In The Number Ones, I’m reviewing every single #1 single in the history of the Billboard Hot 100, starting with the chart’s beginning, in 1958, and working my way up into the present.
How many people leave popular groups, go solo, and immediately hit the imperial phase of their careers? It almost never happens. When Justin Timberlake left *NSYNC and went solo, he was immediately a huge deal. But Timberlake didn’t score a #1 single on his own until his second album. So Lionel Richie is a true rarity, a conqueror right out of the gate.
By 1982, Lionel Richie had already hit #1 a couple of times with his old group the Commodores. He wrote and produced Kenny Rogers’ “Lady,” another #1. And he wrote, produced, and sang one of the biggest songs of 1981. Technically, “Endless Love,” a nine-week chart-topper, was Richie’s solo debut. It was the first time his name had been on the cover of the record, even though the song was a duet with the more-famous Diana Ross. Richie was still a Commodore when he and Diana Ross made “Endless Love.” He would not remain a Commodore for long.
Richie may have been a newly minted solo artist when he came out with “Truly,” his first truly solo single, but his sound was well-established. “Truly” sits comfortably in the same lane as Richie’s four previous #1 hits — grand, drippy, unchallenging adult-contempo love ballads. Richie had figured out an insanely successful formula. With “Truly,” he did not challenge that formula one bit.
Richie hadn’t yet left the Commodores when he recorded his self-titled solo debut, but everyone involved must’ve known that his departure was inevitable. Richie finally made it official shortly after the album dropped in October of 1982. But Richie didn’t have to build any kind of new sound or image — at least, not at first. “Truly” is just one more grandly gloopy Lionel Richie ballad. Squint your ears, and all five of those early Richie chart-toppers melt into one vast, continuous ur-ballad.
There’s nothing wrong with “Truly,” exactly. The song hits its marks, and it delivers everything that you’d expect from a Lionel Richie ballad. The structure, admittedly, is a little weird. There’s no real chorus. Instead, it slowly builds, one verse slightly bigger and more heavily orchestrated than the last. Richie doesn’t sing the title of the song until it’s more than halfway done, so maybe that’s the chorus — just one iteration at the end of the song, as on Journey’s “Don’t Stop Believin’.” (“Don’t Stop Believin'” peaked at #9 in 1981. It’s a 10.) But you have to be paying close attention to even notice that structural decision, and “Truly” is not the kind of song that rewards close attention. It’s a song that exists to be ignored, like a painting hanging on a motel-room wall.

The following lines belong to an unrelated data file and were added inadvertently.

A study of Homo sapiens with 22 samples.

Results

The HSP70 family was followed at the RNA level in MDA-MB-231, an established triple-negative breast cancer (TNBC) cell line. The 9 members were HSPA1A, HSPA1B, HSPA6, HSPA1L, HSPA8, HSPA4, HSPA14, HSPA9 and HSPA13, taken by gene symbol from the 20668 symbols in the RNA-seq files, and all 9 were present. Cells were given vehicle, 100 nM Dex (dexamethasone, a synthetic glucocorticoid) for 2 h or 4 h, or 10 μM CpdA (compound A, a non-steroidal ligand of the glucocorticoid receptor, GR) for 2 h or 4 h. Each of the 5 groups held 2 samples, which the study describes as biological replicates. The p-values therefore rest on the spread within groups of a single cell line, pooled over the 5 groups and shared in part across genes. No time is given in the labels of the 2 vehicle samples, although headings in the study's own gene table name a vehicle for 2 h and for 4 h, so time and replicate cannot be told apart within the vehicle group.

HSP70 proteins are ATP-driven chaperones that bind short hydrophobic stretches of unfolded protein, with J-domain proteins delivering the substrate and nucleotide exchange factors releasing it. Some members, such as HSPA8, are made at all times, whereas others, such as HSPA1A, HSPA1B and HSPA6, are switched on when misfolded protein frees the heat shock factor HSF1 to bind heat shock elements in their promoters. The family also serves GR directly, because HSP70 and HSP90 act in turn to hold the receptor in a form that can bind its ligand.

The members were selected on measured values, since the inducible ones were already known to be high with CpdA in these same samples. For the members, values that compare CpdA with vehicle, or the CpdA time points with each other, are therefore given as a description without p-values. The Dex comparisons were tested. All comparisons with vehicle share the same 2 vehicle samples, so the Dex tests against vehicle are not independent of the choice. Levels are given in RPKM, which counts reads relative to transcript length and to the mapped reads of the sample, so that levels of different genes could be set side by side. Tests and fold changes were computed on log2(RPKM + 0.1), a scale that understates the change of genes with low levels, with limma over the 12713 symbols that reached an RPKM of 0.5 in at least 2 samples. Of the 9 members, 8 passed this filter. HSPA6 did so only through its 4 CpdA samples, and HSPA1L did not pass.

On “Truly,” Richie’s voice is an elegant simper, and he sighs out mostly-meaningless love babble: “I, as long as I live/ I’ll give you all the joy my heart and soul can give.” Richie plays the same piano that Carole King played when she made Tapestry. The session musicians, including Little Feat co-founder Bill Payne on Fender Rhodes, do session-musician things. The song never offends, but it never stands out, either. It just drifts by frictionlessly, leaving no impression.
Even with all that past pop-chart success, it’s vaguely impressive that Richie could succeed the way he did at the end of 1982, when MTV was still in ascension. In those early days, MTV programmers didn’t much care for ballads, and they didn’t play Black artists at all. Richie didn’t even bother to make a video for “Truly,” and the single succeeded anyway. About a year later, Richie would become a constant MTV presence.
Richie released two more singles from his self-titled debut, and both were huge hits, though neither made it to #1. “My Love,” which peaked at #5, was another wet-eyed piano ballad that expresses exactly the same uncomplicated devotion as so many other Richie piano ballads. (It’s a 5.) But “You Are,” which peaked at #4, represented a path forward for Richie. “You Are” is a breezy midtempo lite-funk number — not a ballad, though it’s as gentle as one. (It’s a 4.)
In the years ahead, Richie would find even greater success by switching back and forth between the middle-of-the-road balladry that came so easily to him and the dancey big-pop sound of the moment. He will be in this column again.
BONUS BEATS: Here’s Lady Antebellum, the country group that only just changed their name to Lady A, covering “Truly” at a 2012 ACM tribute to Richie:
(Lady A’s highest-charting single, 2009’s “Need You Now,” peaked at #2. It’s a 6.)
THE NUMBER TWOS: Laura Branigan’s strutting, stomping, mane-shaking synth-rock belter “Gloria” peaked at #2 behind “Truly.” (Maybe it would’ve gone all the way if anyone had put any energy whatsoever into the video.) It’s a 9.